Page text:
In a break from the conventional stories we tell ourselves, the authors claim Blacks were making gains at a faster pace before the apex of the Civil Rights movement than afterward.
They say: “In terms of material well-being, Black Americans were moving toward parity with white Americans well before the victories of the civil rights era. What’s more, after the passage of civil rights legislation, those trends toward racial parity slowed, stopped, and even reversed.”
Examples of the “positive change” Blacks made included narrowing the black/white life expectancy gap between 1905 and 1947, the high school completion gap between the 1940s and the 1970s, improving racial integration in K-12 education prior to Brown v. Board, converging income by race between 1940 and 1970, narrowing gaps in homeownership between 1900 and 1970, and the dramatic increase in voter registration for Blacks between 1952 and 1964.
All of these forward marching data begin to “flatline” in 1970 according to Romney and Putnam.
They blame two phenomena.
First, the white backlash that historically has followed spurts of Black progress throughout history.
Second, the replacement of a “we” generation where collectivist activities bound people together, with an “I” generation that unleashed a nation of narcissistic soloists who only join identity-bound “we” groups too tribal to work for the public good.
On the latter, the loss of the focus on “we,” there is a conundrum for Blacks.
Segregation united us through social barriers and kept us clear on our collective goal (to overcome racial caste). It’s easier to be together when you’re mandated by law to do so, and fighting collectively toward the common goal of racial uplift is more urgent when the barriers are absolute and clear. Segregation was clear in ways that today’s advanced injustices are not.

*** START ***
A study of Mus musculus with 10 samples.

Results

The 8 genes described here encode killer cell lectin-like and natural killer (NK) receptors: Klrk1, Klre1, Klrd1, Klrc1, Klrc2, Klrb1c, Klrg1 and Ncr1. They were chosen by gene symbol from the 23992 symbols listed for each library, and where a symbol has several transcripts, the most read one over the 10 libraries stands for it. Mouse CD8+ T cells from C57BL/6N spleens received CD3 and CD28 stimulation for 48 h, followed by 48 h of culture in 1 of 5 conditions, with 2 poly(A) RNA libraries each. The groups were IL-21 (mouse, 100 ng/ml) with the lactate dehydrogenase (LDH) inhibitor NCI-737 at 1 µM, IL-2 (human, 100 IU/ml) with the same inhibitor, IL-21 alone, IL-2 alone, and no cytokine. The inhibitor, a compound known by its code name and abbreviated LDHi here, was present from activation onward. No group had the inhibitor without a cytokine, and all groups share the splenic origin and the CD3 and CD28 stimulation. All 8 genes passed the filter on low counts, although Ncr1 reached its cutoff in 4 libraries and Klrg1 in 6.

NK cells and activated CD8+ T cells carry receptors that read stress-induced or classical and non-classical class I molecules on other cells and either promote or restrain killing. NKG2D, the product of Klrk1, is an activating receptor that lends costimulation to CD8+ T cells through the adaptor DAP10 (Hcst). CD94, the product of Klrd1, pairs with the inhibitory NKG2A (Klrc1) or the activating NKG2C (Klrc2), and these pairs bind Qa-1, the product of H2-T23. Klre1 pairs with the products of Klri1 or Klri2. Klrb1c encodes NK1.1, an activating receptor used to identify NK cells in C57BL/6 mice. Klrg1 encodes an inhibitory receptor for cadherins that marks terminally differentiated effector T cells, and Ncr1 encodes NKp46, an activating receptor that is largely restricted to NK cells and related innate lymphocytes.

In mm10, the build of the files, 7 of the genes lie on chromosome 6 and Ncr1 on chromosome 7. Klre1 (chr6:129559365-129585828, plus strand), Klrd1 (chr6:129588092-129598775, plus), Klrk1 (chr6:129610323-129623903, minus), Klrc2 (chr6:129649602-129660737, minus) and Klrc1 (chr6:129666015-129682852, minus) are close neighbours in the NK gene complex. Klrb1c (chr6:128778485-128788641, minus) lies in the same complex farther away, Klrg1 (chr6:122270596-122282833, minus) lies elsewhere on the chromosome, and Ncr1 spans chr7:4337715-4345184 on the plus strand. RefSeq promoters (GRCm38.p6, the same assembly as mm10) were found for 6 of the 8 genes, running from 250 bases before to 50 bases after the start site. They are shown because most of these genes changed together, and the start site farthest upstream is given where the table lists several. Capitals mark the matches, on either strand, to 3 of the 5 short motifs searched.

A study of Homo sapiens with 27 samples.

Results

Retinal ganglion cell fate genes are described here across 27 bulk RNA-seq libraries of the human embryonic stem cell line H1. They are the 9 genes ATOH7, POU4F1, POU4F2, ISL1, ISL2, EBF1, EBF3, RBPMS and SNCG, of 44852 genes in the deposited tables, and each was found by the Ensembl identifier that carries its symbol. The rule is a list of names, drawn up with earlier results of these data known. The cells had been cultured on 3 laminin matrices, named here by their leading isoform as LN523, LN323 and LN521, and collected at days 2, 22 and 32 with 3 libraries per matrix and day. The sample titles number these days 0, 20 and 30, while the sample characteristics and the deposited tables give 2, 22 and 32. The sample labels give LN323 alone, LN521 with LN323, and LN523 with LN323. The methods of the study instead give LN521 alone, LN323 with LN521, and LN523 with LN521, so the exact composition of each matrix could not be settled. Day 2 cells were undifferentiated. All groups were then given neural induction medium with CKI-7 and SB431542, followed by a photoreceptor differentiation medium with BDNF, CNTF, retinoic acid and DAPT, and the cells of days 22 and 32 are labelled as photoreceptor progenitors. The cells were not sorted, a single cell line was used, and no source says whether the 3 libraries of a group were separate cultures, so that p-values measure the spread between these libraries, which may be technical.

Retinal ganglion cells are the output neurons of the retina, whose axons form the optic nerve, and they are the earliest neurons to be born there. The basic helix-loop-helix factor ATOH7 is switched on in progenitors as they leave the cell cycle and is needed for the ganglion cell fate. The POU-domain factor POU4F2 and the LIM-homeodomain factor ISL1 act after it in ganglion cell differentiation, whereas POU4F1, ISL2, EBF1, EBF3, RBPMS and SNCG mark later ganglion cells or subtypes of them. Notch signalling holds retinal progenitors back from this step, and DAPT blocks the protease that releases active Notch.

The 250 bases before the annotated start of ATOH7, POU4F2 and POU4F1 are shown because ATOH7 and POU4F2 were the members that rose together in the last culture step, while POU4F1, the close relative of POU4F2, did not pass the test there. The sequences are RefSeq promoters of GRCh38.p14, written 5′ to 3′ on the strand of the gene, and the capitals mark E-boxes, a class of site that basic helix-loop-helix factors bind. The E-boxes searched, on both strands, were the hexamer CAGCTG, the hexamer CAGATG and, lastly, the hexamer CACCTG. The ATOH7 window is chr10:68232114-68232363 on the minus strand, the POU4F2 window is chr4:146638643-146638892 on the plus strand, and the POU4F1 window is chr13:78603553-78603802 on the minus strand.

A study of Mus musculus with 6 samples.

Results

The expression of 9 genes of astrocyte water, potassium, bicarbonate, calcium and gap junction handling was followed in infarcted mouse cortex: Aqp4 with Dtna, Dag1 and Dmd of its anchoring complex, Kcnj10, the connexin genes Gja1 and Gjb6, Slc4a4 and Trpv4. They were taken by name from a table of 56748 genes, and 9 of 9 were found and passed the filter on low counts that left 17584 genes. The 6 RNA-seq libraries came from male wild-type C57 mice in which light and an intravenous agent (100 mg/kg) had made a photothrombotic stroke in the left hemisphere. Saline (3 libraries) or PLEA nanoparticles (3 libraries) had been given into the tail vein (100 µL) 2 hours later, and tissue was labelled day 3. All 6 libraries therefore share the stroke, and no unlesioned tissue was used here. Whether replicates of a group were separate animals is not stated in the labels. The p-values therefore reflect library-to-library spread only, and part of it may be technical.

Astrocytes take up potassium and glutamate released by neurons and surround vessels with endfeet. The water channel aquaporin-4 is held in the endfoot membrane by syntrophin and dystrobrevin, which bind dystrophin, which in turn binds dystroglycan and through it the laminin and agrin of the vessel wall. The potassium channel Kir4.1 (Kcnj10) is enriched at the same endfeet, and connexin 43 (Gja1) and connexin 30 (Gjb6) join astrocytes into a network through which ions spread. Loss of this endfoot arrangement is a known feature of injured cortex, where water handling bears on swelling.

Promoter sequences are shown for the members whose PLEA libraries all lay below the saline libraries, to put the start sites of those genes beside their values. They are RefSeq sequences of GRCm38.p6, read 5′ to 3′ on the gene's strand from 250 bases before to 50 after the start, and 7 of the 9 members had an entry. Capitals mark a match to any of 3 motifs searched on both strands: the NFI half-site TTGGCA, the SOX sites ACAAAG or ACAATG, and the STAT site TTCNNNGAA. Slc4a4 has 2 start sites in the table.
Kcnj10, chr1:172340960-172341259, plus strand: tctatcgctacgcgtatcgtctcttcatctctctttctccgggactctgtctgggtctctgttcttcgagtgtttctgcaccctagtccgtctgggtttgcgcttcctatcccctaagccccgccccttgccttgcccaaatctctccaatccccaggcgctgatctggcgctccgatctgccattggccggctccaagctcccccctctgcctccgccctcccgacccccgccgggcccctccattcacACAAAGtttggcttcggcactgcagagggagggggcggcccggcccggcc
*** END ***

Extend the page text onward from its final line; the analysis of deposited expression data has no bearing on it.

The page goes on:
The authors link to Stanford’s economic historian Gavin Wright who discusses three “downsides” to the “civil rights revolution” in his book “Sharing The Prize.”
“No revolution succeeds without costs and reactions,” he says at the beginning of Chapter 7. While the Civil Rights movement obviously delivered societal benefits for all Americans, its negative impact included: (1) the dismantling of Black business districts, (2) the persistence of poverty in the Black south, and (3) the “possibility that the political and ideological legacy of the Civil Right era” has impeded further progress. While these downsides can’t overshadow the achievements of the Civil Rights era, they aren’t nothing either.
Not surprisingly, my lesson to draw from Romney, Putnam, and Wright is an educational one. As Sharif and I discussed on this morning’s show, Booker T. Washington’s focus on Black schooling was key. His focus on building educational capital where Blacks owned the means of knowledge production is in my mind the most powerful asset we ever lost. While W.E.B. DuBois focused on civil rights for the educated few who would use their education and political power to lead the Black masses out of the darkness of ignorance, Washington focused on raising the Black masses to the level of shareholders in Black-owned schools and businesses. Washington saw the reality, capital speaks with a resolute voice in a capitalist nation. Civil Rights built without capital is like a MasterCard with a low credit limit.
Which is why we’ve got it all wrong today. If Black progress is the goal then our leaders need to take more than a surface interest in Black-owned schooling. It’s unacceptable that many of them have tabs open on criminal justice, jobs, housing, health care, voting rights, and other political standard fares, without a primary focus on operating and defending schools tailored to raising Black students to their full potential. That the fog integrationism and unfounded universality of public education have impaired their judgment tells of their miseducation. It also makes our need to get back to “we” even more pronounced.
There isn’t an issue facing Black people today that doesn’t find its origins in K-12 education. Without our own collective governance of our children’s intellectual development, how can we win? Without Black self-determination in who teaches them, what they learn, where they learn, and how lessons are taught to them, what is the future of our freedom?
We have one goal: educational capital. Plain and simple.